Shelly came home from work last night, and immediately asked me to come out to the garage with her. We kept the dogs from following us, and I knew it was something special.
Trapped inside our garage was a hummingbird. It had flown in the open doorway, and now seemed panicked by the car in the garage with it. It banged into the walls of the garage, trying to find a way out, all the while making plaintiff little squeaking noises. Shelly and I tried to get it to go out the doorway, but finally she left the task in my hands.
First, I drove her car back out of the garage so that the entrance was larger. Then I opened up the other garage door so that there was twice the opening. But the little hummingbird was so panicked that all it could do was bang into the wall in the opposite direction, making no headway and doing nothing but hurting itself. I could see that it was beginning to trail cobwebs from all the times it had ran through them in the garage.
It reminded me of another situation a few months ago in our back yard. I was on our riding mower, mowing the back yard, when a baby cottontail bunny became trapped between the roaring lawn mower and the wooden fence. He ran back and forth along the fence, trying to get out, but couldn’t find an exit. I, in the meantime, worried about what would happen when our dogs would come into the yard.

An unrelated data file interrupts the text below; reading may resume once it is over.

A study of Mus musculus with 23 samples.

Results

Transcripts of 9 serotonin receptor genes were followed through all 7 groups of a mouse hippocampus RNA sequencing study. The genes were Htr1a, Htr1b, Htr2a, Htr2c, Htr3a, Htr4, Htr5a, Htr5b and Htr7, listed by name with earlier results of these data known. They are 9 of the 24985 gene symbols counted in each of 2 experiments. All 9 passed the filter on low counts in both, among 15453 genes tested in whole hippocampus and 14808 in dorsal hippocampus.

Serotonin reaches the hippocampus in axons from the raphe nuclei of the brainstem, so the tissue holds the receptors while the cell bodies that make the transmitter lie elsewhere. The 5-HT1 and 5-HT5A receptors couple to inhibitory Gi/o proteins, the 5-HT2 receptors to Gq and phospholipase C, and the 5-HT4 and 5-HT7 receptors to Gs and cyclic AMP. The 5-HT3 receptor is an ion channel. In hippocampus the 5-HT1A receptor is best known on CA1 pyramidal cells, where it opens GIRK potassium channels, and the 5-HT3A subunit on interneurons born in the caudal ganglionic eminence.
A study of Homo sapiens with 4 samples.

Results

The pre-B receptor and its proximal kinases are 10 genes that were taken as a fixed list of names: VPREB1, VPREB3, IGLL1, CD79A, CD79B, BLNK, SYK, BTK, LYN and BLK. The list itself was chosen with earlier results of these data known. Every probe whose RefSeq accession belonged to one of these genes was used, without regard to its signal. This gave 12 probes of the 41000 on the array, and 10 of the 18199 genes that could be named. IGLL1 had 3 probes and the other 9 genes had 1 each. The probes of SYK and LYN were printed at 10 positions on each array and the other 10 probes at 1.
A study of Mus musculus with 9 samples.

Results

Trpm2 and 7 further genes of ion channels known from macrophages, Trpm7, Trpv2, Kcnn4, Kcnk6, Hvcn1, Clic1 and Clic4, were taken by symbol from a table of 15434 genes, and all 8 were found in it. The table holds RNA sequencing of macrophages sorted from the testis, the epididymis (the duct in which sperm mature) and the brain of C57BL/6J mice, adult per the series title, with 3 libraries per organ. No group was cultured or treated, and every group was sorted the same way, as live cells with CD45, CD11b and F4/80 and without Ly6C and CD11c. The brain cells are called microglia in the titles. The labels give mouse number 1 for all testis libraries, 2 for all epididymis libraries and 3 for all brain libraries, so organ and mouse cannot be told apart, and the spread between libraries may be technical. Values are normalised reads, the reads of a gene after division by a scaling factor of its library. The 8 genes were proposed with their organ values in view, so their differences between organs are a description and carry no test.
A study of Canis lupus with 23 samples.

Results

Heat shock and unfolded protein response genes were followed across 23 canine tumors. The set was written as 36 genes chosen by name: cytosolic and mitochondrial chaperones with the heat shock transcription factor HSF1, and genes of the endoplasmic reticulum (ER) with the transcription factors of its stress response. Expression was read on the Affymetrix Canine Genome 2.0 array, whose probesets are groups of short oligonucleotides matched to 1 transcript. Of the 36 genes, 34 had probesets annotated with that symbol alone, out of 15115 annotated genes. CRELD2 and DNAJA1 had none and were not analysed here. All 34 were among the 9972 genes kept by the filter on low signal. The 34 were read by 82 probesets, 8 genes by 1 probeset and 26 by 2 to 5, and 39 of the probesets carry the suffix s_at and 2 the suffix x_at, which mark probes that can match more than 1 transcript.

The solution was obvious in my mind, even if it wasn’t in the bunnies. I got off the lawn mower, trapped the little bunny and picked him up in my big hands. I always find it fascinating how small animals become quite docile once they are caught. The bunny was smaller than the palm of my hand. I carried him over to the edge of the yard, gently dropped him into the wild area beyond our lawn, and set him free. He hesitated for a second then disappeared.
The hummingbird wasn’t much different. I decided that he couldn’t figure things out for himself. I waited until he got himself into a corner, then reached up with a cupped hand and trapped him. I gently took the little bird outside and opened up my hand. He was gone in an instant, making a beeline (birdline?) into the clear, blue, open sky.
Where am I going with this? Nowhere special, other than the obvious: sometimes we need a little help. That help might initially look like the end of everything. But it doesn’t have to be. And until we accept it, we will continue banging our heads into the corner.